Writing Resources

These are either actual books I own, or checked out from the library, that have helped me with different parts of my writing. (Pics are linked, all links go to Amazon, and, as a disclosure, I’m an Amazon associate so I do get some money if you buy using these links. Not much, but I do get something.) This list is not comprehensive. I will be adding to it from time to time. Brief notes on each book are below the pics.

The Writer’s Digest Guide to Good Writing – This is a marvelous book with articles from a good portion of the 20th century. It’s what helped me realize why my poetry sucked, that every writer has a different way of approaching revision (and that’s not a bad thing), and that writing is a wonderfully complex thing that hasn’t gotten any easier to learn.

Writer Mama – Though it’s geared more toward non-fiction, the principles she discusses, as well as the various tips, worked well for me when I applied them to fitting in fiction between changing diapers.

Character and Viewpoint – Good for character, excellent for choosing a POV. Another highly recommended book.

Create a Character Clinic – Lots of interesting stuff here. I love her Shadow Room Exercise for creating characters.

Holly Lisle’s Create a Language Clinic – This was one of the first things I bought from her store and I don’t regret it. Her Reductionary Alphabet is a fascinating system that I find myself using more than I expected and that’s just one out of many useful things in this ebook.

Holly Lisle’s Create a Culture Clinic – This is the system I use to keep my worldbuilding/culture building straight (I keep both in the same notebook). She also has excellent points about aspects of culture we often forget.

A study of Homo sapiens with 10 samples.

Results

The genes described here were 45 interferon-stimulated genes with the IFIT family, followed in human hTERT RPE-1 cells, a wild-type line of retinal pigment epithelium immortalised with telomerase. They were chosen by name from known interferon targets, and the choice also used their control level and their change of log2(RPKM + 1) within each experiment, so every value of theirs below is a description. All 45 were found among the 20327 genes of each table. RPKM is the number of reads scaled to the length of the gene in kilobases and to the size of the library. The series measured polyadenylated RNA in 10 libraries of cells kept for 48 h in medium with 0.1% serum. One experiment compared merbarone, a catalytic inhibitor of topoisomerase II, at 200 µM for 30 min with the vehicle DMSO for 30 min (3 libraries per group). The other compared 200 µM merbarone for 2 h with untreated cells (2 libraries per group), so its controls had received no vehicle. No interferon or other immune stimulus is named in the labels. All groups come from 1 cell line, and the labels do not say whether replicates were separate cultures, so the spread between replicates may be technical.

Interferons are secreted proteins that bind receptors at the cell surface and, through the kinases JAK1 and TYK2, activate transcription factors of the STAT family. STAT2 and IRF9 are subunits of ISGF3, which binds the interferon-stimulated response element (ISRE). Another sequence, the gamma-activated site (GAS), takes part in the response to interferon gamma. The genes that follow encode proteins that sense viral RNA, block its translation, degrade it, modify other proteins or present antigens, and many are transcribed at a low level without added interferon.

How to Write Science Fiction and Fantasy – This was my first book on the subject and I still think it’s well worth the time for those who want an overview of what’s required.

The Poet’s Handbook – I have this terror that someday a book I write will require some poetry (The Trial of the Ornic series has tortured me with this nightmare more than once as I plot it out). I came across this book when I was in college many years ago, and I still enjoy using it for practice.

The Complete Writer’s Guide to Heroes and Heroines – More for fun than anything else, though I do sometimes use this as a template for interactions. Nowadays, I find myself using the MBTI (or something closely related) instead.

The Chicago Manual of Style – From what I can tell, this is the preferred style guide for those writing in the sf/f genre. You probably won’t need this unless you’re an editor (or writing a dissertation) but I found it very useful for explaining the mechanics and more technical aspects of the craft.

Copyediting: A Practical Guide – Okay, so this isn’t really a writing book. Plus, it’s outdated in some ways. But it’s fantastic in others. Though its focus is editing, I found it useful as a writer for keeping things straight when revising. I also feel it has value for those who want to learn more about what to expect from a professional copyeditor and how the process of editing works/worked. YMMV.